What is the driver behind the business model?
Editorial written by Bruce Creek, Agriculture Business Management, TEC for the Summer 2020/2021 Seasons Magazine.
Agriculture is in a positive cycle, a big part of Australia has had good winter rains and the season in the north is looking promising. Commodity prices are either at a good sustainable level or there’s reason to expect production levels will abate the lower prices.
Now is the time to understand where we are positioned in the supply chain and where we are striving to be. I believe we need to have a goal! Although sometimes it is unachievable, we must strive to reach our potential.
Keep an eye on the horizon
Environmental factors have a large impact and each person has their own view on where we are heading. But there are many other factors that affect the outcome, such as knowledge or skill level, business scale, labour availability, financial standing, enterprise balance, and so on.
The drivers are different on every property. While profit drivers always seem to be brought back to the dollar sign by people outside agriculture, this is not the thinking of people in the industry (although monetary profit is very nice and necessary)! Environmental sustainability goes hand in hand with agriculture, as we depend on it to keep our business models in good shape for the future.
Measure everything but the big picture matters
As the majority of businesses have multiple enterprises, we need to evaluate our enterprises as individual pieces, whether that’s a cow and calf operation, self-replacing merino flock, prime lamb production or beef backgrounding. Even though we asses them separately, they should then be overlayed with each other. Do they have common timelines, inputs, cashflow and so on? Is that good or bad?
The questions that we need to ask are: Why do we do this? Is this the most efficient use of labour/skill resources? Does this have the cashflow we require? Does it suit our environmental and climate conditions?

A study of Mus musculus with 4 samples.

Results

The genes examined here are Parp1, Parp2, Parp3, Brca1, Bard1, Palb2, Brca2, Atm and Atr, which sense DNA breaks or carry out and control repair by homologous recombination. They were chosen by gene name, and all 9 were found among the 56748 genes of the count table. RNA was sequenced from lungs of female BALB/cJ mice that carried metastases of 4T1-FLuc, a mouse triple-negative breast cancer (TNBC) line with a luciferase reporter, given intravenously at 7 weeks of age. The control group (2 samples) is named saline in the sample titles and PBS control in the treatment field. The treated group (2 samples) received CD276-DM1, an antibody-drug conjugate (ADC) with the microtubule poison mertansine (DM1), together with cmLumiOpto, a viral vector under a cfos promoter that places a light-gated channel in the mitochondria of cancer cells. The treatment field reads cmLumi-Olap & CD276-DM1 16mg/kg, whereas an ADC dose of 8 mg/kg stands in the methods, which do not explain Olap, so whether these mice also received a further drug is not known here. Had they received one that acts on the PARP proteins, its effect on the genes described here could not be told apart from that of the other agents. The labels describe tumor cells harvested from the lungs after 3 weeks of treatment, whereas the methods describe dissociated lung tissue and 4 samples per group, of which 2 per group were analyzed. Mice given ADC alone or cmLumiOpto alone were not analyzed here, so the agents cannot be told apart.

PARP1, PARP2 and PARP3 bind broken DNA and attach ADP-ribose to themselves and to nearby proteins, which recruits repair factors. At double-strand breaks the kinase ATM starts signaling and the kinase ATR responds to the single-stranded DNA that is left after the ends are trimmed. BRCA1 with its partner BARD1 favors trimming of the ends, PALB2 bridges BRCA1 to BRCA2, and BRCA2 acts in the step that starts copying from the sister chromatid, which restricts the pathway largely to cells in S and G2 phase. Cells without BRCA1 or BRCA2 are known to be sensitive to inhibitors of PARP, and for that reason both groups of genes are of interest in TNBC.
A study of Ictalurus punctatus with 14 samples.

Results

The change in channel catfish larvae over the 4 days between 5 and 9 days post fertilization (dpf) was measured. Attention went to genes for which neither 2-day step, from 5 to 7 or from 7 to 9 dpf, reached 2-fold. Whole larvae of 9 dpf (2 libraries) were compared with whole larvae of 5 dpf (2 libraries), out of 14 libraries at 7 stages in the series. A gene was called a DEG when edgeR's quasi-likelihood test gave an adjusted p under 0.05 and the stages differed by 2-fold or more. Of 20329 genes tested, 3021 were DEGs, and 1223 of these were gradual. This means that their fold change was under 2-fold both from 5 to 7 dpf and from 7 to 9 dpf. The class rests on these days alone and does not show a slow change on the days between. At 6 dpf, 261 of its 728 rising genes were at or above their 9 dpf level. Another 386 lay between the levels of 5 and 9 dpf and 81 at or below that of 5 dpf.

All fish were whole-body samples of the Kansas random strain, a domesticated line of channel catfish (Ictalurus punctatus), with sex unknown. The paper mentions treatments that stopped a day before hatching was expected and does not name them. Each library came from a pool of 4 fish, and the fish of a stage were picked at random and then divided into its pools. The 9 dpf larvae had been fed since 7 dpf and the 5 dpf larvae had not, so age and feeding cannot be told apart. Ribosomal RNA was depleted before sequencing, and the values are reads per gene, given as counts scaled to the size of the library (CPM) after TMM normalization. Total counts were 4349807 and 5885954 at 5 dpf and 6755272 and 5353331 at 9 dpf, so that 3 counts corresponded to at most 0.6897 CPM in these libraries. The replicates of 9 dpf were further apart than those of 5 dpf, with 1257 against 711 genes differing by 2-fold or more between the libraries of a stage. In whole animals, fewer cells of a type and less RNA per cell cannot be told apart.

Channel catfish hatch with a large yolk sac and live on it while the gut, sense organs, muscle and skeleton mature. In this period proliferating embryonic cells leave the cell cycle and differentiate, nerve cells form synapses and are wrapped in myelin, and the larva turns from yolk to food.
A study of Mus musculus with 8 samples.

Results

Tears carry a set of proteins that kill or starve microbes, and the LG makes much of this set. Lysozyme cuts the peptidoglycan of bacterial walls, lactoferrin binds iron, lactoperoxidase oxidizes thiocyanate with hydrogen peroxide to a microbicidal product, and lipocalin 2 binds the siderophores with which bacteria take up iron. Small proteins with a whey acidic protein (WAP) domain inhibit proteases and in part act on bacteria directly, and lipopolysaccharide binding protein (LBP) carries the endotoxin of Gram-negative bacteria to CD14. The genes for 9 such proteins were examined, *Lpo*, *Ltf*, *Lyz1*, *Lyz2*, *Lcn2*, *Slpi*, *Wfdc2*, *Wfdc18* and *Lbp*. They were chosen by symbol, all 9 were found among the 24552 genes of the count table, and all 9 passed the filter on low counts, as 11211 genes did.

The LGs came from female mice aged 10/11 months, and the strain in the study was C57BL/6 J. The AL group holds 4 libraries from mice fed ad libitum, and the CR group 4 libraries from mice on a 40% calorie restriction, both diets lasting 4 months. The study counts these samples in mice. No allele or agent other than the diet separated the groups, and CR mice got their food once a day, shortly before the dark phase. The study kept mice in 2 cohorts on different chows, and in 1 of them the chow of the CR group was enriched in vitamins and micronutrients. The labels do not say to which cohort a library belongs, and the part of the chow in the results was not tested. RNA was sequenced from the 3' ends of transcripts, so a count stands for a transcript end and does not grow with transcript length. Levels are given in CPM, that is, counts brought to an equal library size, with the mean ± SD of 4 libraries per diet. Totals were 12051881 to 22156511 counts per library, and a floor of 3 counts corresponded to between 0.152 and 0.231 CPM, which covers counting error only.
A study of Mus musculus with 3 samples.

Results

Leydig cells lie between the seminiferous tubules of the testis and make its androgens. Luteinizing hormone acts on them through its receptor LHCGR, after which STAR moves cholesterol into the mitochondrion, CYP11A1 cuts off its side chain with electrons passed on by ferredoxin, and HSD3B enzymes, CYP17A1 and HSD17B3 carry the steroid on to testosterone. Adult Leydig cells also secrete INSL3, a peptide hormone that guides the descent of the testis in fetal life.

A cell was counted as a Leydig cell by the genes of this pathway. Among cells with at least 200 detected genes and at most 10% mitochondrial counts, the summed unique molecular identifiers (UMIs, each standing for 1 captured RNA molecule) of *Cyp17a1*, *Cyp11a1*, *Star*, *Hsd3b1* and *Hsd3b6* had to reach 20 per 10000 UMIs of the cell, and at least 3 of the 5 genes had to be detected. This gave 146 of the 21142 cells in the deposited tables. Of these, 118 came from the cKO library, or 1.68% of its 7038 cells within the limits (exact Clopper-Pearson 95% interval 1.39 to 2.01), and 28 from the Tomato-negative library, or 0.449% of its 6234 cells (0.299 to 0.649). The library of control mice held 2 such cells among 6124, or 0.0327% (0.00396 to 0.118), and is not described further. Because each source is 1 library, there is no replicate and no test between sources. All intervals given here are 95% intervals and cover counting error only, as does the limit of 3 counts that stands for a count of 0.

Within our enterprises, it is good to have flexibility! If you are breeding crossbred lambs and finishing them as prime lamb, for example, have you done the maths to see how the bottom line would change if you ran extra ewes and marketed more lambs earlier? Don’t forget the earlier sale of the lambs as store lambs would leave higher levels of dry matter in the paddock for the breeding ewe. The flow-on positives could be a higher quantity sold that could equate to higher total dollar values, less supplementary feed, higher body condition scores and better ground cover. Don’t underestimate the positive and negative effects on your mind of relying on the rain, too.
Most enterprises have flexibility but sometimes we do not see it from our side of the fence. Steer or heifer backgrounding gives great flexibility. This offers flexibility with most relevant inputs, labour, seasonal conditions, market requirements and cashflow. The level of intensity can be varied into all the above inputs, which invariably affect the bottom line.
It is important to realise we each have an individual view on what we are aiming for and there are many ways to achieve our goals. There are ways we can minimise risk and improve our bottom line. We should never stop asking questions!